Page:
4/25/2007State Legislation Expands Freeway Tolling
Florida, Mississippi and Tennessee advance legislation imposing toll roads.
Three states this week advanced legislation that make it harder for motorists to travel without throwing coins in a basket or having their movements tracked electronically. Florida, Mississippi and Tennessee each moved bills that either impose tolls on existing roads or allow the collection of tolls on entirely new routes.
On Monday, Mississippi Governor Haley Barbour (R) signed a sweeping toll road measure into law. It authorizes the state to seize land from homeowners under eminent domain and turn it over to a private company. That company, in turn, will build a road and charge for its use. The new law does provide that motorists fleeing for their lives from hurricanes or other declared disasters will not be charged. The measure passed 52-0 in the state Senate and 117-4 in the state House (view bill, 113k PDF).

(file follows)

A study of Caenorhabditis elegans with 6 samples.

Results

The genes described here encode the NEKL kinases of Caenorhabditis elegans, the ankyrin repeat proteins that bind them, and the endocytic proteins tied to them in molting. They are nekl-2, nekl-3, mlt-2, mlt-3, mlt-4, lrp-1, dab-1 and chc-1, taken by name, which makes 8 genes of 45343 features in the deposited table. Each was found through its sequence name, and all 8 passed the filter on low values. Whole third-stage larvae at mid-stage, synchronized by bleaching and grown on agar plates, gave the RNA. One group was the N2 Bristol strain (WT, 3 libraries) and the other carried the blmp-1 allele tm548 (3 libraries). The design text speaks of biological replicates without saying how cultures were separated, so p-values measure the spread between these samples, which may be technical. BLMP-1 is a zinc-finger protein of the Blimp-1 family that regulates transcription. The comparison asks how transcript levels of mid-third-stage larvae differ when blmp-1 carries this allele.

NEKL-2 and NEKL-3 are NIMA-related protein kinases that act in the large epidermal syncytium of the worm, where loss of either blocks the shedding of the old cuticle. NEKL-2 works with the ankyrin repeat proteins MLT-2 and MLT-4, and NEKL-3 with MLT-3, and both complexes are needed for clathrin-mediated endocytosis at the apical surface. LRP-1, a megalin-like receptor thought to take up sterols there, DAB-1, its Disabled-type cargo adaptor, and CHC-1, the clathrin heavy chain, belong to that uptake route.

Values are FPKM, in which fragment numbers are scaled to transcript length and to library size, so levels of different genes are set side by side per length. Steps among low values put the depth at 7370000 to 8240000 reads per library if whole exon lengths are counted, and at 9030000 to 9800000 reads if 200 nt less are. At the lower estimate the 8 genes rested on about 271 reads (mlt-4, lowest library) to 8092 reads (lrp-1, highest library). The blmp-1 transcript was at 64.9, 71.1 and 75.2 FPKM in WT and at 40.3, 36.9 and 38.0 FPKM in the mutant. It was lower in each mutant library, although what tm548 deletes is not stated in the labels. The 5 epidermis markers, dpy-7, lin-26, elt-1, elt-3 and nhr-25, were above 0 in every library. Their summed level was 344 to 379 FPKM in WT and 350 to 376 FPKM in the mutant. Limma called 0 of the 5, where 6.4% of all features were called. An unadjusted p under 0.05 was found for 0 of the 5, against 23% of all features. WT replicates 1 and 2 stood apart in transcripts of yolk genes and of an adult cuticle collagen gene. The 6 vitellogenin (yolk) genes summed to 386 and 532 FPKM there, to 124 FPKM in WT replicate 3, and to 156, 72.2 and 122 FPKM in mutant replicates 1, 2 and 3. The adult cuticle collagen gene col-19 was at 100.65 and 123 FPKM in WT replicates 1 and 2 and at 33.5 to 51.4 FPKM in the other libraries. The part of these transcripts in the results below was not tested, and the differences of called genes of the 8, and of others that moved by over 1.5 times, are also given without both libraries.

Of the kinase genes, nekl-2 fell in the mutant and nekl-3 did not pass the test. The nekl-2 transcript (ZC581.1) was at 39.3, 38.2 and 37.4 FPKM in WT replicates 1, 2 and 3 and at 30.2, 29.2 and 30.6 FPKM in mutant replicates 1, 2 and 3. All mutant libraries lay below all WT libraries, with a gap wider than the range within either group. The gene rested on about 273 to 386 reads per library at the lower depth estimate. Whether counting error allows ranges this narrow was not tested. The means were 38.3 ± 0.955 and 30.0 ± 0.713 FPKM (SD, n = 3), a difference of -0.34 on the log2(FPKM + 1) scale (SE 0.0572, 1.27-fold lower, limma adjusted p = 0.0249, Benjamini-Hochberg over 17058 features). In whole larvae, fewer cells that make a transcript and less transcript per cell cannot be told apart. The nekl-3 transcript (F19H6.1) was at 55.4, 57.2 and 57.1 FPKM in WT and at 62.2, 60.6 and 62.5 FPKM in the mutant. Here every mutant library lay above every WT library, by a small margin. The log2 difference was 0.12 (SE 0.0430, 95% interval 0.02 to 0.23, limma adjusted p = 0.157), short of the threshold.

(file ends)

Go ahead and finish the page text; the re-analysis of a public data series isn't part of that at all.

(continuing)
The Florida House of Representatives voted 68-44 yesterday to adopt a bill giving the Florida Department of Transportation authority to "enter into agreements with private or public entities." These agreements allow the state to sell off assets on a 99-year lease basis. The measure also allows the department to bypass laws against no-bid and secretly negotiated contracts (view bill, 316k PDF, see page 54-62). Similar legislation has passed in the Senate and must be reconciled before becoming law.
The Tennessee House Transportation Committee approved its own toll road measure yesterday. HB 1204 (view bill, 53k PDF) would establish a toll road authority to build new toll roads in the state. The bill's sponsor is Transportation Committee Chairman Phillip Pinion (D) whose girlfriend is a lobbyist for a toll road engineering firm that stands to make millions on the deal. This bill is scheduled for Senate committee consideration today.